The 11 Most Important and Hilarious Life Lessons '80s Movies Taught Us | 22 Words

Most of us glean life's most valuable lessons from our parents (or the parental figures in our lives). Moms, dads, and surrogate moms and dads taught us everything from basic self-care to how to start up a 401K to the secrets to the frying the perfect egg. Would any of us even remember to floss, if a parent hadn't driven home the dangers of tooth decay?

But there's another reliable source for learning all of life's lessons. Movies!

The '80s in particular was a golden era of film for picking up tips on how to function smoothly in sort-of-real-life. And now, thanks to the glories of Twitter and the recent hashtag #80sMoviesProTips, we're able to see all of the greatest '80s-movie wisdom in one place.

You heard it here first: Makeovers can change your life.

It may sound a little vapid, but in the 1980s, a new dress and a fresh hairdo were all you needed to up your social status and snag the most popular guy in school. Of course, this may have only brought temporary happiness — but who doesn't love a fabulous "before and after"? The Breakfast Club nailed this.

There was a whole other survival skill set you needed to know.

With Halloween around the corner, it's a good time to look back at the survival knowledge '80s slasher flicks imparted on us. Worrying about murderers in waking life is so pedestrian. What's really scary? Falling asleep. Because we all know what Freddy Krueger got up to the second you closed your eyes. Just don't do it. If you want to live to see morning, that is.

Moms can get easily distracted. Maybe a little too distracted.

We're looking at you, ET. Understandably, moms get swamped with things like cooking, school meetings, and soccer practice schedules, but Dee Wallace took it to another level. Kids running amok in the house is one thing. In the '80s, kids hiding extraterrestrials from the government was everyday fare.

Moral dilemmas lurk around every corner.

We learned a lot from The Karate Kid. Pruning tiny trees is important work. Flies are susceptible to chopsticks. When in doubt, listen to your evil karate master and try to irreparably maim your opponent. OK, that last bit wasn't great advice, but we see you, Johnny — and we know you felt terrible. Lesson here: Bad guys are gonna be bad, so get ready.

Feeding mysterious creatures after midnight is a terrible idea.

We all know that eating after midnight is a terrible idea. Our skinny jeans just can't take it. But Gremlins also taught us that, when someone specifically tells you not to give food to a creature of unknown origin after a certain point in the day, you should probably take that advice and lock up the Oreos. Keeping them away from the bathtub is also preferable.

Time travel is a tricky thing, so come prepared.

If you weren't lusting after a hoverboard in the '80s, chances are, you weren't listening to Doc Brown either. But you should have, because getting stuck back three decades in the past was serious business. You can't just gun it to 88mph and hope for the best. Stock up on that plutonium and check your flux capacitor, or you can kiss your chances of making it back to the future goodbye.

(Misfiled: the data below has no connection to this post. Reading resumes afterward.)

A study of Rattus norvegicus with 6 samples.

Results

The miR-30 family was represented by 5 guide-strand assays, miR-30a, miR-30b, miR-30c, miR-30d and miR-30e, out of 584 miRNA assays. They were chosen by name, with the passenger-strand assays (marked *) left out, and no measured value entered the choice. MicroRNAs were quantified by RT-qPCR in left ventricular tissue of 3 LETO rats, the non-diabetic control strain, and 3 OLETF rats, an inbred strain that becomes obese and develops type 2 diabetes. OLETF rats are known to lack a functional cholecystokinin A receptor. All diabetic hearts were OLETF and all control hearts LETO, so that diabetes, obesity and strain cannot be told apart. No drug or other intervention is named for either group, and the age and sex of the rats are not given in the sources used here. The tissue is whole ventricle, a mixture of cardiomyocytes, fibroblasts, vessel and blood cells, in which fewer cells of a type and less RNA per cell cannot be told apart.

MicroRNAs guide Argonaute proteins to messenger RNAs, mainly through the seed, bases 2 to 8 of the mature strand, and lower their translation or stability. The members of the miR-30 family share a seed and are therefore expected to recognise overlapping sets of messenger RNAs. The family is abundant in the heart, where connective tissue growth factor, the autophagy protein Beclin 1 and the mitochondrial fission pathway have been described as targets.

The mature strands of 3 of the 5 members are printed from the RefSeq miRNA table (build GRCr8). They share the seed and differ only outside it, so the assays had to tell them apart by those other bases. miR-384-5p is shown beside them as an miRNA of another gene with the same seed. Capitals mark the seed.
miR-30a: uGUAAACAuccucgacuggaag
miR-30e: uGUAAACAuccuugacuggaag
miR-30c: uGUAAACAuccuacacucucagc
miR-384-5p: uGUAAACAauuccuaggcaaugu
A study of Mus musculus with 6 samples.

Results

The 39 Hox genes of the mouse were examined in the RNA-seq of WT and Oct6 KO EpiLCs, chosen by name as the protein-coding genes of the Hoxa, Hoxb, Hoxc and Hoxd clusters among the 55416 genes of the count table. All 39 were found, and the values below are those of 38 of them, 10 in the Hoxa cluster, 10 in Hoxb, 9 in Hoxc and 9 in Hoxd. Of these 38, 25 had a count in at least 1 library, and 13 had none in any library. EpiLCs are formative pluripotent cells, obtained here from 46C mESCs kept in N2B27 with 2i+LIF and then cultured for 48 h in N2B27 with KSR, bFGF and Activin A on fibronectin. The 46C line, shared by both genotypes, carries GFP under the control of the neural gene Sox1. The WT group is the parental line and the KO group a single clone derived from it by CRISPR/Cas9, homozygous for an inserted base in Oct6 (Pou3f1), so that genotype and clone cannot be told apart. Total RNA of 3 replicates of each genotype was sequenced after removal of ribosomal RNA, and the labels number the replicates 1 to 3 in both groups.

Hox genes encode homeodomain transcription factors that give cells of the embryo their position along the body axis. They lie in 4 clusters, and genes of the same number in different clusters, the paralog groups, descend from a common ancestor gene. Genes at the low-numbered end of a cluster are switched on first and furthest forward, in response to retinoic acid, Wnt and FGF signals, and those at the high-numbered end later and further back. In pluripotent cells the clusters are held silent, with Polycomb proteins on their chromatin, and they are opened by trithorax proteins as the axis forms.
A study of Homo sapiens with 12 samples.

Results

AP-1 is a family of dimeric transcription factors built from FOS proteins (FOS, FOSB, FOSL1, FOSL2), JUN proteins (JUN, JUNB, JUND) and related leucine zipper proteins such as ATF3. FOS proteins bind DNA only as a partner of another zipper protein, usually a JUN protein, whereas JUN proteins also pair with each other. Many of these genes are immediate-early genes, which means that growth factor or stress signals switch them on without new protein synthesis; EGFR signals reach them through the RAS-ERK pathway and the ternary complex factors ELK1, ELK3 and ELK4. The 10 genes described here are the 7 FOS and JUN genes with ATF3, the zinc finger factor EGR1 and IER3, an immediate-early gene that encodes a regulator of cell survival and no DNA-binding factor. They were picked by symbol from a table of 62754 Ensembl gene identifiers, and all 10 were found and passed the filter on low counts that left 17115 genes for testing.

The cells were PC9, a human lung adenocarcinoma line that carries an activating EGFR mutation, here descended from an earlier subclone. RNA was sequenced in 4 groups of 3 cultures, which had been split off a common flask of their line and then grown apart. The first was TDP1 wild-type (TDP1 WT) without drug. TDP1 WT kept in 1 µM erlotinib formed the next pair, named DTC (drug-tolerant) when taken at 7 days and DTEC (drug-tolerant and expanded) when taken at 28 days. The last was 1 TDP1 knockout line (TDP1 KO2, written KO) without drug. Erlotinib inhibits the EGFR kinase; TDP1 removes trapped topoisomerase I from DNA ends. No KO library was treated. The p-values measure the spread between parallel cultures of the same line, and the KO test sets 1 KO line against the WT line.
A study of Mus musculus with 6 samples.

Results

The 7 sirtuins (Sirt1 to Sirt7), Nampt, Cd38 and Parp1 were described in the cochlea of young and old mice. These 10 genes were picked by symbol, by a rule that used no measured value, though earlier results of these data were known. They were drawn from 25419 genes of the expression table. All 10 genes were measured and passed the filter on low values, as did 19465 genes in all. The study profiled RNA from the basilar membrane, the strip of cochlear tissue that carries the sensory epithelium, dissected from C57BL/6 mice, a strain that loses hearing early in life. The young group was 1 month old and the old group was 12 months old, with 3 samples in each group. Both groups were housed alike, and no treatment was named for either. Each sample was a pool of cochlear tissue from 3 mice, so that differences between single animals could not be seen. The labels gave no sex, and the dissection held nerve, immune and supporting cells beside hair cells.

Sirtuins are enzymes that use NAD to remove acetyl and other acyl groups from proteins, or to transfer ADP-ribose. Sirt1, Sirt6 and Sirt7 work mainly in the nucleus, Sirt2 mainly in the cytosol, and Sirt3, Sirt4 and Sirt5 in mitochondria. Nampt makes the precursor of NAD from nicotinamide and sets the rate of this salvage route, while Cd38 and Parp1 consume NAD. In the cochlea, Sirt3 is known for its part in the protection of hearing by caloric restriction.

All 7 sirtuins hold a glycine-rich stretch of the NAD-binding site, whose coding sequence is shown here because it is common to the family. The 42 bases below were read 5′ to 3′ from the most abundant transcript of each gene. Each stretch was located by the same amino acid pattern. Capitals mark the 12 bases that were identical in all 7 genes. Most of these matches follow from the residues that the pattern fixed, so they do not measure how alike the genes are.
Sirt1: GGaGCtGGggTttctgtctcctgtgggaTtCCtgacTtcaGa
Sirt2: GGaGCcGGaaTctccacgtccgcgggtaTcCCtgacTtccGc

Get in trouble, but make sure it's in a group setting.

Everybody knows detention's a drag, but, in the '80s, it didn't have to be. Punishments are always more fun when you're hanging out with attractive and interesting classmates on a Saturday. Share your deepest fears with one other. Ask someone outside your social circle out on a date. And, if there's time, throw in a good makeover.

Boomboxes are the most adequate way to declare undying love.

Sure, today's kids have infinite amounts of music at their fingertips, but where's the poetry in that? True romance is found in lugging several pounds of plastic onto your shoulders and blasting your beloved's eardrums with Peter Gabriel. The swooning should commence shortly after that.

Traveling via alien is the best mode of transportation.

We've already mentioned ET once, but it's worth pointing out that '80s movies didn't shy away from launching kids ridiculously high in the sky and trusting they weren't going to fall to their doom. Sure, the closest you were ever going to get was duct-taping a basket to your Schwinn, but it was something.

Decor is what you make of it.

Sure, the 1983 film A Christmas Story wasn't set in the '80s, but it gave the decade the leg lamp — and that was priceless. Among other things, the timeless holiday classic also taught us to stand up to our bullies, avoid sticking our tongues to frozen flag poles, and guard our turkeys with our lives.

When it came down to brass tacks, no one was waxing the correct way.

It's debatable, but perhaps the most important thing '80s movies taught us circles right back to The Karate Kid. Before the film came out, everyone was blissfully washing and buffing their cars just plain wrong. Mr. Miyagi fixed all for Daniel son, illustrating the art of soft circles and the error of our ways. It may not have been truly life-changing, but at least we were ready if anyone tried to sweep our leg.